Here's a link to a recent article from the Chicago Sun-Times about Chicago's sudden paucity of classical record stores:
I was struck firstly by the similarities to the Boston scene... Two glorious Tower records closed - check! One so-so Virgin Megastore came and went - check! A frenzy of last-minute buying ensued when classical die-hards realized that the formerly disparaged Virgin was closing - well, at least from my own experience... check!
And now while Chicago's classical "obsessed individuals" turn to smaller, independent or used record shops, here in Boston I find myself visiting the marvelous Orpheus records no longer just to browse or to pick up the odd LP, but for much more of my 'I actually need this recording' shopping.
But more generally, I'm wondering about what effect (whether negative, positive, or negligible) the emerging lack of an actual physical product will have on our corner of the industry. I use iTunes ALL the time, and have grown to rely on it, especially the instant gratification factor. (I can't be the only one who has taken a last-minute gig, realized I have no clue what the piece sounds like, and grabbed it off of iTunes to listen to on the T on the way to the gig!) But how many of us have stumbled upon something we liked on iTunes, bought it, listened to it a bunch and realized that we really, really liked it, and then ordered it again from Amazon just so that we could own the actual CD, with liner notes et al.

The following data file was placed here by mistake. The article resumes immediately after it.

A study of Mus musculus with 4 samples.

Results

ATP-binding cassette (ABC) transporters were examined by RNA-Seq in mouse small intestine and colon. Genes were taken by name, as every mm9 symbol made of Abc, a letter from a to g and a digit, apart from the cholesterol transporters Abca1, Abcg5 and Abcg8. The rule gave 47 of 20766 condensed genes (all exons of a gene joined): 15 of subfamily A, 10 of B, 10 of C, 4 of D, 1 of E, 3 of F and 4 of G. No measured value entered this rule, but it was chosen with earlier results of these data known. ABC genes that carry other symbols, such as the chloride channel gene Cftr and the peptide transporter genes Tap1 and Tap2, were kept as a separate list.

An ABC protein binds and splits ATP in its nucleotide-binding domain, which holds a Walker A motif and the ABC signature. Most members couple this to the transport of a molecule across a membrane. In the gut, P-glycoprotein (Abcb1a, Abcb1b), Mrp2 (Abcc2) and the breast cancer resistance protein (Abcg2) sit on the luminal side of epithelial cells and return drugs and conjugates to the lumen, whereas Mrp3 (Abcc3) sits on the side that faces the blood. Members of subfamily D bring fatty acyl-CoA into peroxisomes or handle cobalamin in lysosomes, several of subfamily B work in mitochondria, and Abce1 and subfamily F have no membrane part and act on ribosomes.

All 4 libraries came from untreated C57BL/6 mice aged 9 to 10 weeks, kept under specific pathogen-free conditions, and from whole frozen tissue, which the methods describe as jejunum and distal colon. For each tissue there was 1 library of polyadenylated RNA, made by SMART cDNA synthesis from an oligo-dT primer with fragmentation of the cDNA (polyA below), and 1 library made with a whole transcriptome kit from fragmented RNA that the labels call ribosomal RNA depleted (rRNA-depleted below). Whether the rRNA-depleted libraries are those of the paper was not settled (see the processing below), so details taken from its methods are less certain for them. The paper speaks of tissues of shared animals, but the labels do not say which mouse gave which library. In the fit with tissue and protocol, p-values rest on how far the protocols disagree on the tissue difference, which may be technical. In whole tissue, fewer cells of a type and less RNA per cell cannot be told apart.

I've done this, although I wondered if I was being weird as I did it. However, if I translate the idea to the (admittedly far less widespread) medium of books vs. e-books, and I think of how precious (in a nice way) true bookish people tend to be about their books, then the idea of absolutely needing to have an actual copy of the book rather than just an e-book seems perfectly reasonable. Why don't we seem to be attached to our CDs in this way? And does it matter? I can't come up with any compelling reason to mourn the things, but does anyone else feel deeply uncomfortable with the idea that from now on, great record stores with comprehensive and eclectic classical departments may just not exist?